Today, RJ Casey joins us with an interview about comics and sports with Sloane Leong, the From Under Mountains and Maps to the Suns artist.
This leads to a question that constantly bothers me — why are there no good sports comics? You mentioned a few manga series, but North American comics seems completely devoid of the genre.
I have no idea why. I tweeted last month asking for any Western sports comics people knew of and ended up with Roy of the Rovers, Look Out for Lefty, and Toth’s Hot Wheels comics, all of which are pretty old. The only new sports comic I’m aware of is by Ngozi Ukazu called Check, Please! — it’s very cute and follows a university hockey team. Beside myself, though, there are a few other women comic artists that are planning on storming the new year with sports comics, so I’m stoked about that. The sports genre seems like such a rich place to work in, so it’s strange to me that it’s still so desolate.
—News. The CBC talks to Canadian cartoonists including Julie Doucet, Lynn Johnston, and Julie Delporte about sexism in comics.
"Everything in history has been shaped by men," [Julie Delporte] says. "If everything is chosen by men, and read by men, of course men's works will be more appreciated."
Delporte sees inequality in Canada's comic scene, too. She points to a recent study that shows female visual artists in Canada earn 35 per cent less income than their male counterparts (the overall income gap between men and women, according to the study, is 31 per cent). She also senses resistance within the upper echelons of the comic world.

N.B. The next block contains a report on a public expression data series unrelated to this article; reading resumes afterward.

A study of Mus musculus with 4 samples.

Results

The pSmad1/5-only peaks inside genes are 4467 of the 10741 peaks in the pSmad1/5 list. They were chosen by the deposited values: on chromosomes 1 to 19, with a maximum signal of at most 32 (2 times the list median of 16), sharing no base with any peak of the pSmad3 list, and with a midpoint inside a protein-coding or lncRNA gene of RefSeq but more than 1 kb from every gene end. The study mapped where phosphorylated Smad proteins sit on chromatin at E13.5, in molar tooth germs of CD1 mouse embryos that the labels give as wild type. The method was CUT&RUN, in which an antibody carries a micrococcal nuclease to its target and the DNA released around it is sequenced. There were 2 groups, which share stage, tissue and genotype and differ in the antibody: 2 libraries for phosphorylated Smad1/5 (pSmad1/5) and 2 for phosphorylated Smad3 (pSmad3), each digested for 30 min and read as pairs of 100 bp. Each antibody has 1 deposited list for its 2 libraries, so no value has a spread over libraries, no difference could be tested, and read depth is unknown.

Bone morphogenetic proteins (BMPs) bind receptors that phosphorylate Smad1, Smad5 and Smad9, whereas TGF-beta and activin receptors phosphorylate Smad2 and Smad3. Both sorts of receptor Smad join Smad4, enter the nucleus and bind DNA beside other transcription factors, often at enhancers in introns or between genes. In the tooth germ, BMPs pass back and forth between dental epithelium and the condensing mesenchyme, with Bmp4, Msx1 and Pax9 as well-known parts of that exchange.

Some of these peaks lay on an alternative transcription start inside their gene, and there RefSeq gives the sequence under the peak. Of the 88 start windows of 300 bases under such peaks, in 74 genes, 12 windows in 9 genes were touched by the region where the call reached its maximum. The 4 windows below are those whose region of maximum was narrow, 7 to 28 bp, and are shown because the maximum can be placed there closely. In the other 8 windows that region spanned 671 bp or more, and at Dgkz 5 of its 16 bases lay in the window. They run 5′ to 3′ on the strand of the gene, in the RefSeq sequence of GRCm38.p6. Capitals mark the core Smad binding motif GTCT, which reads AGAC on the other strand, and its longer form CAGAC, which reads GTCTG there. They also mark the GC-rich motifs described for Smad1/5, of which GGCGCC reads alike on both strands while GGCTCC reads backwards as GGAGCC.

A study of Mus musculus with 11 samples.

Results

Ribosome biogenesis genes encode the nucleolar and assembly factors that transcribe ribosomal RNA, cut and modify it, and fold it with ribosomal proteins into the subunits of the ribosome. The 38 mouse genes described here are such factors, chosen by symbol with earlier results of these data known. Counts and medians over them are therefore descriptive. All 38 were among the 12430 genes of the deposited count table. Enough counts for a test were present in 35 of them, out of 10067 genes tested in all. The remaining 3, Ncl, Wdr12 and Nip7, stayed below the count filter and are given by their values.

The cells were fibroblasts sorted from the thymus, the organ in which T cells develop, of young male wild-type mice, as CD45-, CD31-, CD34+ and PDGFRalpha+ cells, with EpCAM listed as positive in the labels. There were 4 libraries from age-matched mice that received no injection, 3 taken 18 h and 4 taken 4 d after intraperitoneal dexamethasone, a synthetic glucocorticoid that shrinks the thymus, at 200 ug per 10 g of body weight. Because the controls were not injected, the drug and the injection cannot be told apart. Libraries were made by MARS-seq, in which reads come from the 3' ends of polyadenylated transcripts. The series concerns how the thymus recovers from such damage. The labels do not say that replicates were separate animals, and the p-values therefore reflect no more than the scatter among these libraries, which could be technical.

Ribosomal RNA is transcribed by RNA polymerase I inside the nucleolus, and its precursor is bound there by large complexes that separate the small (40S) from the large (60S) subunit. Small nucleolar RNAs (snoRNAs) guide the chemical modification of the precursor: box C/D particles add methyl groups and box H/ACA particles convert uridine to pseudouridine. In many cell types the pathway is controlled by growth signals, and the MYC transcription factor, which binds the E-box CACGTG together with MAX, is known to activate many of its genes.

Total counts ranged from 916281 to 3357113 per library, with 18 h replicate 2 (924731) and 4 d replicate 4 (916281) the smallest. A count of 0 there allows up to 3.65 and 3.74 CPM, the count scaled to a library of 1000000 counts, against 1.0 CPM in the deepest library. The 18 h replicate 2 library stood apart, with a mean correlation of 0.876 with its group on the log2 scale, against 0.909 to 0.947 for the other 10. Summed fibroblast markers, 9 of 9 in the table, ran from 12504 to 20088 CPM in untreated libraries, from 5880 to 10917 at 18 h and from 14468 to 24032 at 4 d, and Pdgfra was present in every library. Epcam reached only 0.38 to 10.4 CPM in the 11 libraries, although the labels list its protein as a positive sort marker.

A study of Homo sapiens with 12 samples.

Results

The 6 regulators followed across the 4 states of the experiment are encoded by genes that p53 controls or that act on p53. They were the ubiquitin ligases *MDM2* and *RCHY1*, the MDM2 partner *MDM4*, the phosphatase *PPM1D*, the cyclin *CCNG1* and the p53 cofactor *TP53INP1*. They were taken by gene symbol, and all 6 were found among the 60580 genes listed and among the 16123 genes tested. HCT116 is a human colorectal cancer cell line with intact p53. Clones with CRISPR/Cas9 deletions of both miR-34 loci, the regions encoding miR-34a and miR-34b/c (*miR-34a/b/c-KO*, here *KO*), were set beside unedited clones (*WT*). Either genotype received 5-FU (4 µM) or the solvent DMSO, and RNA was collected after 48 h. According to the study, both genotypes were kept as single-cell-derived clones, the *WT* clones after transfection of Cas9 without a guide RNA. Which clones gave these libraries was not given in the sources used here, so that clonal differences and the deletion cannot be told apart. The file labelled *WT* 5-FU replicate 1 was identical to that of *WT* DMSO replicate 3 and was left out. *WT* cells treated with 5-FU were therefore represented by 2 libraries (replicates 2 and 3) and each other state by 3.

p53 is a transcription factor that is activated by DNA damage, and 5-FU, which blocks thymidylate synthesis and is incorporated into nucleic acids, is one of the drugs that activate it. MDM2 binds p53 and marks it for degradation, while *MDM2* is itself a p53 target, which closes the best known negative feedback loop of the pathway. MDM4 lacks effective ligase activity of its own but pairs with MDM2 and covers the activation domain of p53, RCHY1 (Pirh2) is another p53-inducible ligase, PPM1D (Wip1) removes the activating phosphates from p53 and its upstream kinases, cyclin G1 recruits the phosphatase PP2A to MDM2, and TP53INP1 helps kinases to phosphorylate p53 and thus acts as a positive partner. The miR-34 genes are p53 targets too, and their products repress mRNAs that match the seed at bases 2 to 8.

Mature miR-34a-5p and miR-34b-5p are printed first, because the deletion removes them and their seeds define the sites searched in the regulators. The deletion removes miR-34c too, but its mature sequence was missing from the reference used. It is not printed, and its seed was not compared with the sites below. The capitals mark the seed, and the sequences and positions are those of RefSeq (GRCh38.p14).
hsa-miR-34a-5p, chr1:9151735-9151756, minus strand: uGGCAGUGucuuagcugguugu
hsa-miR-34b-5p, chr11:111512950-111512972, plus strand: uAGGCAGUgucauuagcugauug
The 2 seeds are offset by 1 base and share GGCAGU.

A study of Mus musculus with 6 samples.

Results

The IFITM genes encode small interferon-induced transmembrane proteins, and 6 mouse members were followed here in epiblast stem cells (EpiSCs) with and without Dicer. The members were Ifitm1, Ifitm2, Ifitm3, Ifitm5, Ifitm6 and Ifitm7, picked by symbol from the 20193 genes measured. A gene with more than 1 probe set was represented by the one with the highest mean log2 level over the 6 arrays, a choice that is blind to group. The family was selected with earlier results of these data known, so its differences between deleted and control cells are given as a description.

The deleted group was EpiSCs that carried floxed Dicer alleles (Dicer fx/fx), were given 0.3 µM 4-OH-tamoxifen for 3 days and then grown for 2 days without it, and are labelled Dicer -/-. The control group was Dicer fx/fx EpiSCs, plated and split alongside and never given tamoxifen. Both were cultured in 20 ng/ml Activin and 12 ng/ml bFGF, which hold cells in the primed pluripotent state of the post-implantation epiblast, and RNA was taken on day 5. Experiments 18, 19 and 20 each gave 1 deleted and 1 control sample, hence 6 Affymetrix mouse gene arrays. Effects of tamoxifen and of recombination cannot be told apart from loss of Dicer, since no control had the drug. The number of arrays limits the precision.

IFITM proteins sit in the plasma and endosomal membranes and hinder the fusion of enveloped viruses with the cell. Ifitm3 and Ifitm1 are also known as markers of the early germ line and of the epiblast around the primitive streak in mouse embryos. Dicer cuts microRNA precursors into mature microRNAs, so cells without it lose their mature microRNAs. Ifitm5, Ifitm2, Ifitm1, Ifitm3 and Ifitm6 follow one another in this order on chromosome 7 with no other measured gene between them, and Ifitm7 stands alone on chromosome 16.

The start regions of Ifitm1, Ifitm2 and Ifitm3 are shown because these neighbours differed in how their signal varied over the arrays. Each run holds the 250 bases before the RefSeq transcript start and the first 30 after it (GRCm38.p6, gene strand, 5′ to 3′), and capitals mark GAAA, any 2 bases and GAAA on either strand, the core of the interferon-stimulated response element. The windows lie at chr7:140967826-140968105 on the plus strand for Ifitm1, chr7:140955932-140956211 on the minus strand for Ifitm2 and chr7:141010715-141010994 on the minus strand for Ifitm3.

Speaking of Angoulême, the Belgian cartoonist Hermann was the eventual winner of the Grand Prix.
—Interviews & Profiles. Julia Wertz tells Studio 360 about her discovery of comics.
Wertz grabbed a copy of Julie Doucet’s My New York Diary on a whim during a library visit. And when she opened the graphic novel, the black-and-white drawings seemed immediately familiar. “She’s kind of surrounded by her own squalor,” Wertz says. When she first read it, Wertz realized she was sitting in a room that was almost as messy as the illustrations.
—Reviews. Dominic Umile writes about Hilary Chute's new book on historical and journalistic comics, Disaster Drawn.
"In its succession of replete frames," Chute writes, "comics calls attention to itself, specifically, as evidence." She explicitly connects Spanish painter Francisco Goya (identified as a "foundational artist-reporter") and his spellbinding series of prints "The Disasters of War" to comics, and places both within the "traditions of drawn witnessing." Goya's 19th-century depictions of rape, mutilation, and civilian death are widely understood as a method of war reporting that emphasizes the impact of conflict on individuals.
—Misc. Mike Lynch posts a selection of comic strips from Madeline creator Ludwig Bemelmans.
Didn't expect this: CARtoons is back.